Lena Dunham is back in the news — never glad tidings for civilization. The creator of HBO’s Girls has issued her latest mea culpa, apologizing for defending a male colleague from an accusation of rape last year.
Dunham wrote an open letter to actress Aurora Perrineau in The Hollywood Reporter, seeking forgiveness for doubting Perrineau’s allegations against Girls writer/producer Murray Miller.
But, as befits a woman whose moral vocabulary has been cobbled together from gender studies seminar catchphrases and things scrawled on restroom walls, her letter left much to be desired. Dunham has never really taken responsibility for the things she’s said and done, from falsely accusing a man of rape to publicly wishing she’d had an abortion.
Partly the letter sounds like an attempt to get right with The Party and avoid re-education camp. Defending Miller was “inexcusable” and “a terrible mistake.” Her counter-revolutionary crimes were not committed out of malice but because “I had actually internalized the dominant male agenda.” It seems her “own heart and mind had been colonized by patriarchy.” (The patriarchy made me do it!)
Dunham is wounded, you see:
Something in me still feels compelled to do that job [for the patriarchy]: to please, to tidy up, to shopkeep. My job now is to excavate that part of myself and to create a new cavern inside me where a candle stays lit, always safely lit, and illuminates the wall behind it where these words are written: I see you, Aurora. I hear you, Aurora. I believe you, Aurora.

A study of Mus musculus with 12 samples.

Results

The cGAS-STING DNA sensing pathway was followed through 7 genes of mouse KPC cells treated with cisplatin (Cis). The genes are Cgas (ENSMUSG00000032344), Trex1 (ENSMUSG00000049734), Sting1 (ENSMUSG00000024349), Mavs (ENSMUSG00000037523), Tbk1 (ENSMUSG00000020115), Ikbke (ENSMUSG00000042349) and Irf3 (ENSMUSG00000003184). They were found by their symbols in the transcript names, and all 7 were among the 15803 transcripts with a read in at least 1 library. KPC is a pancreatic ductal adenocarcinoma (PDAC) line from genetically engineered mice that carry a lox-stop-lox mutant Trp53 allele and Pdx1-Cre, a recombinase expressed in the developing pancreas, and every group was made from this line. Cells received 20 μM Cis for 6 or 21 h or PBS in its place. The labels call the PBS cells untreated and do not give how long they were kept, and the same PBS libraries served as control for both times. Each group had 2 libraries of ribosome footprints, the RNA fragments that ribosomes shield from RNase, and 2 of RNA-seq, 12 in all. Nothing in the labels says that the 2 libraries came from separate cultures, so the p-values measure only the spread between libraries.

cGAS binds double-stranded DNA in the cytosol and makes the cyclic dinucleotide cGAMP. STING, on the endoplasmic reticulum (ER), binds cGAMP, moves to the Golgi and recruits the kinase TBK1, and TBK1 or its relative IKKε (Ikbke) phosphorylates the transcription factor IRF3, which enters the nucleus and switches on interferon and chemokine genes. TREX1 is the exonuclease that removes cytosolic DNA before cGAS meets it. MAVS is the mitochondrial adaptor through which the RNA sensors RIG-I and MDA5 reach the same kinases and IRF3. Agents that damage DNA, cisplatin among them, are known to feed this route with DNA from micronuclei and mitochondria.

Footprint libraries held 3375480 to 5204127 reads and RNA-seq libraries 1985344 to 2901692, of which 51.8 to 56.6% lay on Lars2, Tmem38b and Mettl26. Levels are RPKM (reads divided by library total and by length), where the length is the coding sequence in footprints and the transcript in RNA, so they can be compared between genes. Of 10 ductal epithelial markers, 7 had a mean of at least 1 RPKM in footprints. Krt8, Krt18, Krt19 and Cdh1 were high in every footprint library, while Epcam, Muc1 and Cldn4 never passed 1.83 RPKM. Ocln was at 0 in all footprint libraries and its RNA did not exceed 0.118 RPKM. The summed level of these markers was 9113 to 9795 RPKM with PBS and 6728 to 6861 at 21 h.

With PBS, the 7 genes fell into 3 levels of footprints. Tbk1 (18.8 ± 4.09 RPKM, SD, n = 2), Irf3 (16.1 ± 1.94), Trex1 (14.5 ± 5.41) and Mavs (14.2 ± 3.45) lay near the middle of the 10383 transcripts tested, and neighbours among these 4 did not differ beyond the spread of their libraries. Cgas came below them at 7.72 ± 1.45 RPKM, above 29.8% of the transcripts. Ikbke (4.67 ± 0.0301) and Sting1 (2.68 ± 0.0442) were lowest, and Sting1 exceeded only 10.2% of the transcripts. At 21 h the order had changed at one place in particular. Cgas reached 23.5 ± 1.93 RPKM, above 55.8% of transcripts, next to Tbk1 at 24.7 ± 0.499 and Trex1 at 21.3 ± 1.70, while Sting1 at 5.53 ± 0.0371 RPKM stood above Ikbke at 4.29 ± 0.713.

Yeah. Anyway, good progressives are always on the lookout for what they like to call “teachable moments,” and Dunham was able to turn her “greatest regret” into her “greatest moment of evolution and education.” She had learned “the ways my own ignorance operated even as a survivor of multiple sexual assaults,” one or two of which might have even been real.
For her part, according to the Washington Post, Aurora (through her mother) said all is forgiven. “Perrineau told Dunham that she and her daughter ‘feel your love and receive your heartfelt apology.’”
But The Post also noted, however, that Dunham’s shtick is wearing thin on the Internet. One tweeter wrote: “For someone who’s had to apologize so much, you’d really think Lena Dunham would be better at it.” Another cut right to the chase: “This is not about the “dominant male agenda” – it is about your choices.”
No, it’s about “healing.” And self-pity. In closing the letter she said she knew people would question her motives. The Post again:
“There are some who will think I am writing this to curry public favor,” she wrote, adding in a parenthetical: “That’s OK, though, I stopped thinking that was an option for me somewhere around 2014, and that’s some kind of freedom.”
Pace Oscar Wilde, one must have a heart of stone to read Dunham’s anguish without laughing. Rape accusations aren’t funny, ever. The discomfiture of phonies and moral posers always is.